The Environment Ministry is also considering bringing in an overarching law for lake preservation in the city.

Bengalurus sewage problem is so bad govt wants to monitor treatment plants full-time
news Sewage Wednesday, June 15, 2016 - 07:57

With half of Bengaluru's sewage going untreated into the lakes leading to rising pollution level, the Centre is planning to make it mandatory for all sewage treatment plants (STPs) in the city to install 24/7 monitoring systems.

Amid concern over rising pollution in these lakes, the Environment Ministry is also considering bringing in an overarching law for lake preservation in the city.

"There are three-four issues which as a regulatory Ministry we will deal with. We will put a condition of 24/7 monitoring on existing and future STPs, including residential and commercial ones.

"Norms will be upgraded. There was also a demand for a overarching law for lake preservation. We will also consider that. We will monitor the progress every six months," Union Minister Prakash Javadekar said after co-chairing a two-hour review meeting for preservation and rejuvenation of city lakes with Union Minister Ananth Kumar, who is MP from Bengaluru.

Karnataka Environment and Ecology Minister Ramanath Rai, along with state officials, was present at the meeting.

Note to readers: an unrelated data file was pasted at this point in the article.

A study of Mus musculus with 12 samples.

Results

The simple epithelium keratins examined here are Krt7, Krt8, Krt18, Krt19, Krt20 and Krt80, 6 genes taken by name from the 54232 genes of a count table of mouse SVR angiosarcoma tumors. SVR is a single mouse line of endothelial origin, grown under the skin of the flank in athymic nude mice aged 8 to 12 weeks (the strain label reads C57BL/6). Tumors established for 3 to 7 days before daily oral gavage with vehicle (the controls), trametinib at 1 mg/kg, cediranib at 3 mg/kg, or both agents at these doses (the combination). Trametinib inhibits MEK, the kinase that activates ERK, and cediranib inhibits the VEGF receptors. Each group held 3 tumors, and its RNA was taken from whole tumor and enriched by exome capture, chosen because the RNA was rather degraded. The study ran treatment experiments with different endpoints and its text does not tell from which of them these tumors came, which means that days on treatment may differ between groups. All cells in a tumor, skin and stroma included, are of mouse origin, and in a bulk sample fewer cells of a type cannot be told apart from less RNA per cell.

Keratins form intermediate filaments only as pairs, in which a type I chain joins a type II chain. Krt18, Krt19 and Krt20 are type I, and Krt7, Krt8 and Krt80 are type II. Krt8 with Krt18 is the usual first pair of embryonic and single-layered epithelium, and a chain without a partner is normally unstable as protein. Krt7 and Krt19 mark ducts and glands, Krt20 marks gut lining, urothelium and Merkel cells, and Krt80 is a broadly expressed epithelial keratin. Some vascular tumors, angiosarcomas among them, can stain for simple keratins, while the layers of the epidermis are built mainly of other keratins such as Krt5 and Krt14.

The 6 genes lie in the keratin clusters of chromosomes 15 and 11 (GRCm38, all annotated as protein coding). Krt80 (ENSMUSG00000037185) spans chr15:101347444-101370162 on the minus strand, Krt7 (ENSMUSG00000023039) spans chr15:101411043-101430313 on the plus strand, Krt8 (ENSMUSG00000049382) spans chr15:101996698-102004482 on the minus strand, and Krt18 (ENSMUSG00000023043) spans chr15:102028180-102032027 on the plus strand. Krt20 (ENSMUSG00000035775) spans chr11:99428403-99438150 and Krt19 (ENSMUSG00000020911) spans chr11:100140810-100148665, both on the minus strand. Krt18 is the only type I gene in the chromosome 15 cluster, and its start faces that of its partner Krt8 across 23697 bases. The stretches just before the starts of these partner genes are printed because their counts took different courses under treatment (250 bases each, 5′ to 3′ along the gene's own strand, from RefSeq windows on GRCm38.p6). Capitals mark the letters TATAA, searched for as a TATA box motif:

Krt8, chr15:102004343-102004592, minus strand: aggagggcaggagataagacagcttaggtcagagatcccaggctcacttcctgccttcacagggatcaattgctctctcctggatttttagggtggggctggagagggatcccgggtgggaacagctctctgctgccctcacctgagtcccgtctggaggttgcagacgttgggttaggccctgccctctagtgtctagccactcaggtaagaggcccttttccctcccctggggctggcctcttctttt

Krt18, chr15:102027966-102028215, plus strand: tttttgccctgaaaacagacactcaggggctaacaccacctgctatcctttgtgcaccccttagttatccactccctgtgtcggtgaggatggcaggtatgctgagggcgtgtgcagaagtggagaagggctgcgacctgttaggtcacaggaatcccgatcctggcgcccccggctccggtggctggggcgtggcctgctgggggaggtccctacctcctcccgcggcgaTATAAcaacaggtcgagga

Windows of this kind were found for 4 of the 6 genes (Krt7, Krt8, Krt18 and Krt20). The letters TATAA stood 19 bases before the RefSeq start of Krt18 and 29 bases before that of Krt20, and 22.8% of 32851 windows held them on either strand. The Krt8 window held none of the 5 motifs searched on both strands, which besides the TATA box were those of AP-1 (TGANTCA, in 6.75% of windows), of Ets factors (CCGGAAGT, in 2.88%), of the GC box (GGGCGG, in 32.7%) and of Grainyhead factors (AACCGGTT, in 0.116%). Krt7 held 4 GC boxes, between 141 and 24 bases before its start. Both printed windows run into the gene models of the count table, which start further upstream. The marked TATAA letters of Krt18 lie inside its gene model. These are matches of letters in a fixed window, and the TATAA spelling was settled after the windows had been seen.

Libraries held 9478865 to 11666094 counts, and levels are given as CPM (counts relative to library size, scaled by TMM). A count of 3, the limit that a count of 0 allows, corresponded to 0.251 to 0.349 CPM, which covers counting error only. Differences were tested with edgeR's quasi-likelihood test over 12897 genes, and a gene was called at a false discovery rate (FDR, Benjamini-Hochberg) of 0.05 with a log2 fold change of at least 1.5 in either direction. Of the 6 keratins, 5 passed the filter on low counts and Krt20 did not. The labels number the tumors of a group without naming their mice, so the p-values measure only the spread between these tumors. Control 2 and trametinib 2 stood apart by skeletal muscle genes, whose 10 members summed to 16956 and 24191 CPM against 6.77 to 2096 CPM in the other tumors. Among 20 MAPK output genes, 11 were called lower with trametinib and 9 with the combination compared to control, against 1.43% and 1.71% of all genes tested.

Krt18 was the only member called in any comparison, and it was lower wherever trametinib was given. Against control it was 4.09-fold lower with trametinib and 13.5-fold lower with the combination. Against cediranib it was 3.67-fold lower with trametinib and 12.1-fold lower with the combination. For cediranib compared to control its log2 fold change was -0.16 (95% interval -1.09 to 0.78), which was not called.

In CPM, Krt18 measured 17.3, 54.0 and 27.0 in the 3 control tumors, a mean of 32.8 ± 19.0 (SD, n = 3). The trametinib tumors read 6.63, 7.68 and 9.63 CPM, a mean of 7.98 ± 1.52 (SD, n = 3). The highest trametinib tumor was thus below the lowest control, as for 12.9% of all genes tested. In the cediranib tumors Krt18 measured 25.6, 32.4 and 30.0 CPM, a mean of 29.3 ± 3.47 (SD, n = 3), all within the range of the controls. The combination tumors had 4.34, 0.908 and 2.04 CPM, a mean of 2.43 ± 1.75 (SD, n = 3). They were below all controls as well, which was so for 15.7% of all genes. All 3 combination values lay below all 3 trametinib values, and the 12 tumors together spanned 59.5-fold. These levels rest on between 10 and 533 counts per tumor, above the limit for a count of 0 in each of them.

Listing out the initiatives taken by the state government in this regard, Javadekar said it has banned plastic, formed an authority and prepared a lake by lake restoration plan with a timeline.

The corporate sector is also getting involved in preservation of lakes, he said.

"We will implement 24/7 monitoring. Local officers will also be empowered. Things do not happen overnight. This has happened as it was a backlog of 40-50 years. Half of Bengaluru's sewage goes untreated into the lakes. So we build capacities. This will take next three years. Things are on track," Javadekar said.

Union minister Kumar said the Environment Minister has assured him of bio-development of lakes in Bengaluru which will include parameters of oxygenisation of the lakes. "We will remove all pollution through STPs and various other measures," he said.

Recently, thousands of dead fish were washed ashore at Ulsoor lake raising concerns about water pollution in the city. The incident had come amidst growing concern by environmentalists over pollution in city lakes. Thick froth and flames from the Yamlur lake had caused ripples in the city last year.

There are 75 small and large lakes in and around Bengaluru.

Ministry sources said that the Central Pollution Control Board (CPCB) had last year issued directions to Karnataka State Pollution Control Board on contamination of Bellandur and Varthur lakes.

CPCB had under section 18 (1)(b) of the Water Act had directed that all local bodies in Karnataka will have to establish STPs. The waste water can only be released into water bodies after treating it.

The Ministry had earlier mandated 764 "grossly polluting" industries along the Ganga river in northern states to install 24/7 monitoring mechanism to curb pollution.